Bryan Caforio: Dump expansion not just about Val Verde


Unbeknownst to many people in the Santa Clarita Valley, right now the Los Angeles County Department of Regional Planning is considering whether to expand the Chiquita Canyon Landfill (located in Val Verde, five miles from Santa Clarita just north of Highway 126).

The Chiquita Canyon Landfill opened in 1972, and since 1997 it has operated under a conditional use permit that allowed it to continue operating until it accepted 23 million tons of trash.

The landfill has now blown past that maximum level, but rather than shut it down, its owner, Waste Connections, chose to seek approval to expand it.

Waste Connections has now officially requested authority to keep the landfill open and accept up to 12,000 metric tons of solid waste in a single day.

In case that sounds like a lot of trash to haul through town and dump in our the Santa Clarita Valley every day, that’s because it is.

In fact, as far as I‘ve been able to determine, there is only one landfill in the entire world that accepts more than 12,000 metric tons of waste per day, and that’s in South Korea.

We’re talking about some very rarified (and polluted) air we could have the privilege of breathing if Waste Connections gets its way and couonty supervisors go forward with approving this plan.

The largest landfill currently operating in the United States, the Apex Regional Landfill in Las Vegas, Nevada, “only” receives approximately 9,000 tons of waste per day and is located more than 20 miles from its nearest residents.

The Chiquita Canyon Landfill, on the other hand, sits less than a thousand feet from residents in Val Verde and only five miles from Santa Clarita.

That raises additional concerns. For one, the Draft Environmental Impact Report regarding the proposed expansion identifies potential increased cancer risks for people living in the near vicinity of the landfill.

The report calculates an “incremental increase in lifetime cancer risk” for those people living closest to the landfill that is “predicted to be 9.3 in 1 million.” While that is barely below the South Coast Air Quality Management District’s “significance threshold” of 10 in 1 million, that predicted “incremental increase” in cancer risk is still very troubling to me.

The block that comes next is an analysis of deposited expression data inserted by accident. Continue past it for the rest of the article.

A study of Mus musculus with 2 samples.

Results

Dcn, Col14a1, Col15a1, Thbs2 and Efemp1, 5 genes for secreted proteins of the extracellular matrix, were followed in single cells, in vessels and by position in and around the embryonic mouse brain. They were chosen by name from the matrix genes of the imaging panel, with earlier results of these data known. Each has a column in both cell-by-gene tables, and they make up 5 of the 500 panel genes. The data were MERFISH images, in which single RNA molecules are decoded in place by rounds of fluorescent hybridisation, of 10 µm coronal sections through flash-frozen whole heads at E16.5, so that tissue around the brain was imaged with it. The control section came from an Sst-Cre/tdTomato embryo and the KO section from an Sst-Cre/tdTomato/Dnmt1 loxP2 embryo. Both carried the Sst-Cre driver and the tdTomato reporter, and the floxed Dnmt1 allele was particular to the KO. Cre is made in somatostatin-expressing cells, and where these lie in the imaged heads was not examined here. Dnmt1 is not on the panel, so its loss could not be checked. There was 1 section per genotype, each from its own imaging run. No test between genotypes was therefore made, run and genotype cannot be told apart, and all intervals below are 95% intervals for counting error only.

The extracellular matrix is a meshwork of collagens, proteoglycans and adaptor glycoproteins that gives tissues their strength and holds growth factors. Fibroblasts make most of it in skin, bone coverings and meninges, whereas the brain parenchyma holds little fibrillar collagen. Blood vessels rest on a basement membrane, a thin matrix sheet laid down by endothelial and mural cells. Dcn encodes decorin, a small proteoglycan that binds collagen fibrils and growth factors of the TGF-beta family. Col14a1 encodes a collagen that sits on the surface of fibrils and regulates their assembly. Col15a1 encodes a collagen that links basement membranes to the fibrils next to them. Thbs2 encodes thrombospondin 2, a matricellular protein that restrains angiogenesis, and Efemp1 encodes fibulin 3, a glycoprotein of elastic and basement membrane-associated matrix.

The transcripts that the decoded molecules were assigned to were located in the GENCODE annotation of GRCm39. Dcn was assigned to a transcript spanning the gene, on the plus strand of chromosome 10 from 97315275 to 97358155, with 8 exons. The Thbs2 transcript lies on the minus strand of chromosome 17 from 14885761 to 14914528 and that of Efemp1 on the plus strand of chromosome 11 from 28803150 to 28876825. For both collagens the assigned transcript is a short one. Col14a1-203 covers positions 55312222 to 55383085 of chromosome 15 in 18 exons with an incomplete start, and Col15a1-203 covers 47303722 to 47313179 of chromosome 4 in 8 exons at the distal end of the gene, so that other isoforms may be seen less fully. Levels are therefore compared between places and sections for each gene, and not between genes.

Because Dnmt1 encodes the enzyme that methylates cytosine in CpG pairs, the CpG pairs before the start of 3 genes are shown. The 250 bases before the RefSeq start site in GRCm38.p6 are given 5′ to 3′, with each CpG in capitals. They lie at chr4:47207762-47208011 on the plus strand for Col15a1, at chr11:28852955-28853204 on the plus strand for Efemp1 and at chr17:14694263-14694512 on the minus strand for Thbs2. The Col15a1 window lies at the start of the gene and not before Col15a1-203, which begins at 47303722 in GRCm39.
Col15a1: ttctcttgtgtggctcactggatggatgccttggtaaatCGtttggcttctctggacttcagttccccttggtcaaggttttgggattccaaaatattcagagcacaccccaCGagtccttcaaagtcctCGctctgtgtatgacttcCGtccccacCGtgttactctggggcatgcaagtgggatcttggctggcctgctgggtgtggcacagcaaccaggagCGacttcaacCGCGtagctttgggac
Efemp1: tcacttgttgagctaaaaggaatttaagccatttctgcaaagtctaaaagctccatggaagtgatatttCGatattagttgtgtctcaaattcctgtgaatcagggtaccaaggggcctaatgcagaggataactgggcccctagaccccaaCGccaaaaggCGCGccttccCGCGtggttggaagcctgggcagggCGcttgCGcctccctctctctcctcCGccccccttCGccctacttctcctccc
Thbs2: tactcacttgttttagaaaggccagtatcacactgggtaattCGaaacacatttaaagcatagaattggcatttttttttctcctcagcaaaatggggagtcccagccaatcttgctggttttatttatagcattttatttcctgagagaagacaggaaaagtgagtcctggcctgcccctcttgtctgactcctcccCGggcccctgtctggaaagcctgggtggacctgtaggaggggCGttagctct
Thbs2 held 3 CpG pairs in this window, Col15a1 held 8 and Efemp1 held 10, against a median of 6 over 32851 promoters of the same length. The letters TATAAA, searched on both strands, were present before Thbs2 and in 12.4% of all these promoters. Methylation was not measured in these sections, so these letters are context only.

Moreover, for anyone concerned about climate change, the draft EIR further concludes that the proposed expansion “would result in the generation of GHG (greenhouse gas) emissions in exceedance of the … significance threshold,” and that “operation activities may result in a potentially significant impact on the environment.”

The Santa Clarita Valley accounts for only 2.7 percent of the population of Los Angeles County, and yet, if this expansion goes through, the Chiquita Canyon Landfill will be authorized to accept up to 49.5 percent of L.A. County’s total in-county waste every single year.

Since we don’t create the vast majority of that waste here, that means trucks (lots and lots of trucks) will be driving through the Santa Clarita Valley from all different directions to dump that trash in our backyard.

While the draft EIR purported to examine the proposed expansion’s effects on traffic, aside from considering the “project-related impacts” at eight different intersections, the report specifically did not consider how adding thousands more vehicles hauling trash through our valley every single day could affect our major commuting roadways the I-5, Highway 14, the 210 and so on.

I don’t need a report to tell me that adding so many more trucks every day to our already-overburdened roads and interchanges won’t help us get home any faster.

By all accounts, Waste Connections appears to do a pretty good job managing the dump. But a well-managed dump is still a dump, and no amount of good management at the dump will help reduce traffic through our community as thousands of additional vehicles haul trash through town.

So if you’d rather not get stuck in traffic behind an endless stream of trucks, you enjoy breathing clean air and having a lower risk of cancer, and you don’t want one of the largest landfills in the world to be located in your backyard, don’t despair just yet.

While many of our local, state, and federal elected officials have demonstrated that they’d rather collect campaign contributions than stand up for the community, we have until Jan. 9, 2017, to make our voices heard. Please join me in sending your concerns to [email protected] – and maybe, just maybe, we can defeat this expansion.